How do you think you’d handle sudden helplessness? Could you stomach complete dependence? Many of us don’t have the answer because we don’t like to ask the question. But the documentary States of Grace puts it front and center.
The film follows Dr. Grace Dammann on her road to recovery from a head-on collision on the Golden Gate Bridge. She was in such a state that doctors had to prepare her family for the very likely possibility she wouldn’t pull through. Against all odds, she did. But who was she now?
Prior to the accident, Grace was a working doctor, a pioneering AIDS specialist (the irony of the doctor forced to become a patient certainly isn’t lost). She was a caregiver at home too, many years earlier having adopted a child with cerebral palsy who was drug-addicted and HIV-positive. Her daughter Sabrina was in the car with her that day on the bridge. While both women survived, Grace now needed someone to take care of her.
Her former partner Fu stepped up to the plate, which, we find out, is somewhat typical of their odd relationship. Fu and Grace adopted the now adolescent Sabrina when she was just six weeks old. By then, they had already decided to split. But they fell in love with baby Sabrina and resolved to co-parent her together, remaining friends. The love is there, and seeing a clearly helpless Grace, Fu commits five years to taking care of her.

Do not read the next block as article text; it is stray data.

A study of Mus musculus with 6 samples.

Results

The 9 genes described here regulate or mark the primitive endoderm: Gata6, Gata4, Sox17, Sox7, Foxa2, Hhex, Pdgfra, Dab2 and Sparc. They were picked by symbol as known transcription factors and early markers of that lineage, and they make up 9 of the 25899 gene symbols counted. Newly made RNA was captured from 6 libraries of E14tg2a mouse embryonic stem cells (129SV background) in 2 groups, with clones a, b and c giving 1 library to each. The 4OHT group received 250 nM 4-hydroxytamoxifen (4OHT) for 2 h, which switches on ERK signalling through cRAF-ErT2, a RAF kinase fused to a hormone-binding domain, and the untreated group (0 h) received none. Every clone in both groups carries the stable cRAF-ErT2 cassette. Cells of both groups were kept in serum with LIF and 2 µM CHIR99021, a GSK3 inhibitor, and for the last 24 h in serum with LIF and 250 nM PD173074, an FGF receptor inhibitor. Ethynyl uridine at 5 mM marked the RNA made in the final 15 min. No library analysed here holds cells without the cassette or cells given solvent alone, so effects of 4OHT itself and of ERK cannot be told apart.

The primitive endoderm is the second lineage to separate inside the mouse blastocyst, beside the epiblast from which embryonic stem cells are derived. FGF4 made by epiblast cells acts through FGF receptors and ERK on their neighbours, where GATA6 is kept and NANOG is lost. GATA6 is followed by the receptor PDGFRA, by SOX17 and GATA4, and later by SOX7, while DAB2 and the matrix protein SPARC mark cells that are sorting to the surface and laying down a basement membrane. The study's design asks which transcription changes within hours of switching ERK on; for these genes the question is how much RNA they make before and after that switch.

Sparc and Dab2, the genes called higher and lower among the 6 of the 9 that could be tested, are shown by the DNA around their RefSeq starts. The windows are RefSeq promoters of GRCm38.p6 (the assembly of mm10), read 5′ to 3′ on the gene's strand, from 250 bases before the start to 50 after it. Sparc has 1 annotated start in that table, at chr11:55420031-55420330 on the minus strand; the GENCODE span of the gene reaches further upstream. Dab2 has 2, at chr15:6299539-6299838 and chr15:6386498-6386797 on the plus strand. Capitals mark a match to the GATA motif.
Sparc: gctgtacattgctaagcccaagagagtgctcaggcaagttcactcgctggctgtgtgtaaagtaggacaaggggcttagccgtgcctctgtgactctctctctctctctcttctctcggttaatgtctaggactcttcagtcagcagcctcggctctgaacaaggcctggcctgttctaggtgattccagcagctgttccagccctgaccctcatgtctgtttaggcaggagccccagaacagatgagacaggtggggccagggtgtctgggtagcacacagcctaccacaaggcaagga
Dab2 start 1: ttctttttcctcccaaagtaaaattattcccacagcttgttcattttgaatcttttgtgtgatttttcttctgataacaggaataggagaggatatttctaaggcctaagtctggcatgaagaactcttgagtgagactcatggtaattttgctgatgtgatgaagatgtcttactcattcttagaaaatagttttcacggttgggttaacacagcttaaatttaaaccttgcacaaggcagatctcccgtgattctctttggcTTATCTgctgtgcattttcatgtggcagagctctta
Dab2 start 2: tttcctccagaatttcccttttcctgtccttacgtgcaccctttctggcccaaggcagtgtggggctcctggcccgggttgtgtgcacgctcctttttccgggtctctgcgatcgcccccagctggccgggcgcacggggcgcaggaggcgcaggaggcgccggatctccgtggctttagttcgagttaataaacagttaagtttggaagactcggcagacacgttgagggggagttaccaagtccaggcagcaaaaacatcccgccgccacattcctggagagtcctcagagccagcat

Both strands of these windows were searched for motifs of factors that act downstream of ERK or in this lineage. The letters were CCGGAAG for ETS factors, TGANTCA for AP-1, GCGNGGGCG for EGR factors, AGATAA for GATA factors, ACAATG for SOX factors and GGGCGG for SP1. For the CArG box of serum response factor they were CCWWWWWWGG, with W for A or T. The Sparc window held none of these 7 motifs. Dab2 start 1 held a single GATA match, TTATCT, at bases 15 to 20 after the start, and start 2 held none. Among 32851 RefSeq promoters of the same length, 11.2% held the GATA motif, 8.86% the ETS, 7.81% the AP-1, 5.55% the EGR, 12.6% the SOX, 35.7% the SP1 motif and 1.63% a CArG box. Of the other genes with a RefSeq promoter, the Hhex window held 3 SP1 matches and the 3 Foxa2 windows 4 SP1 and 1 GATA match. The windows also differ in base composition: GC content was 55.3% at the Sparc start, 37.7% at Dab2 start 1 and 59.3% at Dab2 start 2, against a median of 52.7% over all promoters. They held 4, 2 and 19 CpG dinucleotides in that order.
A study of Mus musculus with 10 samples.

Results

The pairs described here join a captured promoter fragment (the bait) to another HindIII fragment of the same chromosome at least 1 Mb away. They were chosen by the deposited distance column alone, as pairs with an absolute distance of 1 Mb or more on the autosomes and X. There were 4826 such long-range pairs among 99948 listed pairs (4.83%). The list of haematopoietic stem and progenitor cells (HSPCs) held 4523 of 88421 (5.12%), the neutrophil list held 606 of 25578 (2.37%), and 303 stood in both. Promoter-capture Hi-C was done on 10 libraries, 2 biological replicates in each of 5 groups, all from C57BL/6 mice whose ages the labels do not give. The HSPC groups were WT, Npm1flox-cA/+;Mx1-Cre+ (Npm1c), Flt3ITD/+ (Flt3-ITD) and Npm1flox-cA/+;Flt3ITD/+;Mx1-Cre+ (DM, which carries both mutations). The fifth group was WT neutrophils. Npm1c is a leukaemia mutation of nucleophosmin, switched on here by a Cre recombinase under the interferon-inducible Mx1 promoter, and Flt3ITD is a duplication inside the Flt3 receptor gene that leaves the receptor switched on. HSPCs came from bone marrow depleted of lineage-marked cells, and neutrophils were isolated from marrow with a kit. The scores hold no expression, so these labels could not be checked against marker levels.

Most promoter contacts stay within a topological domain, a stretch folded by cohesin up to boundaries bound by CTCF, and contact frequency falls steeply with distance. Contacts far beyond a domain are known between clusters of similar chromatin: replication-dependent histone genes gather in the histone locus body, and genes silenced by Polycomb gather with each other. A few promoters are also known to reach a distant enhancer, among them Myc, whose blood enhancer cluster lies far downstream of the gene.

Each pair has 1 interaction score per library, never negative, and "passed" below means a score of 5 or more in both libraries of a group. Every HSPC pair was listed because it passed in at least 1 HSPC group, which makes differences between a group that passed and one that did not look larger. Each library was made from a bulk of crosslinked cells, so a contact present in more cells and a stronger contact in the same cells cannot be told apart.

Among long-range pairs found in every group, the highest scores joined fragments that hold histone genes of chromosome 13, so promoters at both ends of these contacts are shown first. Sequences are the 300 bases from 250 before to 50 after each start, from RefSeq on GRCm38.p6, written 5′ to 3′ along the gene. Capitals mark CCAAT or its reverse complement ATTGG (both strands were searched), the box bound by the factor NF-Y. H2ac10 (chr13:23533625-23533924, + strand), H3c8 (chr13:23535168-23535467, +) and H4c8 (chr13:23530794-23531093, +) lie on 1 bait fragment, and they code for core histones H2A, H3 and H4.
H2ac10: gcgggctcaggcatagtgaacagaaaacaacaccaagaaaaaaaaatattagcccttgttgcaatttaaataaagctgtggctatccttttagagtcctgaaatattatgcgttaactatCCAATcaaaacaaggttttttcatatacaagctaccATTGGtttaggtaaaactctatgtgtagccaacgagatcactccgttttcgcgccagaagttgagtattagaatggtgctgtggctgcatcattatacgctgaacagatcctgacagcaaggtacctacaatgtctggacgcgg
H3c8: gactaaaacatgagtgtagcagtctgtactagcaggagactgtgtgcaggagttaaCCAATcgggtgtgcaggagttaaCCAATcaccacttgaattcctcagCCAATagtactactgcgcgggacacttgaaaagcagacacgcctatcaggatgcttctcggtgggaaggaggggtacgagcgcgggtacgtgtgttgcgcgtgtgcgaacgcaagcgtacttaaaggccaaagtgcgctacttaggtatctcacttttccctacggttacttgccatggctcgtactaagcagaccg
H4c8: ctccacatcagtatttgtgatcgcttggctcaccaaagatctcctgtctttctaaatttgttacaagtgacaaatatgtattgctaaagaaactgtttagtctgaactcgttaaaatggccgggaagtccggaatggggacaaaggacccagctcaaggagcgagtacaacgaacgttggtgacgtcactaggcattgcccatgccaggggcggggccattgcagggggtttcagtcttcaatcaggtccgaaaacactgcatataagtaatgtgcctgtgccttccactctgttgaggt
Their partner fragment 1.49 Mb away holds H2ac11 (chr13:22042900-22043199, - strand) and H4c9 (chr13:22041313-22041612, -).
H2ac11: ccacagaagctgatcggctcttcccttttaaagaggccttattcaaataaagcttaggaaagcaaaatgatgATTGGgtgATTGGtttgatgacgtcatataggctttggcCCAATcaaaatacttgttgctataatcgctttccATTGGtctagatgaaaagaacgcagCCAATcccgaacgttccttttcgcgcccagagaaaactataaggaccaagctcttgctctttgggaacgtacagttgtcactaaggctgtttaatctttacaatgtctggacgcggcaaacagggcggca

It’s tough. Grace spends 13 months in rehab before she’s allowed to return to their home in a Buddhist community. Everything’s different now, including Fu and Sabrina’s relationship, which is stronger now that Fu’s the more active parent. And Sabrina, who also uses a wheelchair, is more mobile and independent than her mother.
via Open Studio Productions
It’s a complete reversal of roles, and the dependency, pain and multiple surgeries has Grace questioning if she even wants to continue living. At one point she reveals she feels like she’s lost her best friend–her body.
Through the anger and sadness you can sense she feels useless, going so far as to call herself a “burden.” It’s clear that a great mind like Grace’s can’t be restless for too long, and so when she establishes the goal of going back to work it seems normal.
She’s set the bar quite high, but it’s the motivation she needs to get herself going. A new Grace emerges–one with a purpose. This Grace we can all draw inspiration from.
via Open Studio Productions
States of Grace captures the realness a documentary should. Grace is not depicted as a hero, instead her bitterness shining through clearly at times and her desperation so obvious. The family dynamic is real too–an angry teenager who hates the isolation of her home, and a partner in life who in many ways was self-centered and now must deal with the frustrations of being her family’s primary caregiver. Not a perfect family, and certainly not your typical one, but somehow they make sense together.
I feel privileged to have watched this family’s journey. I recommend you do the same.
Visit statesofgracefilm.com to find out when the movie is playing near you.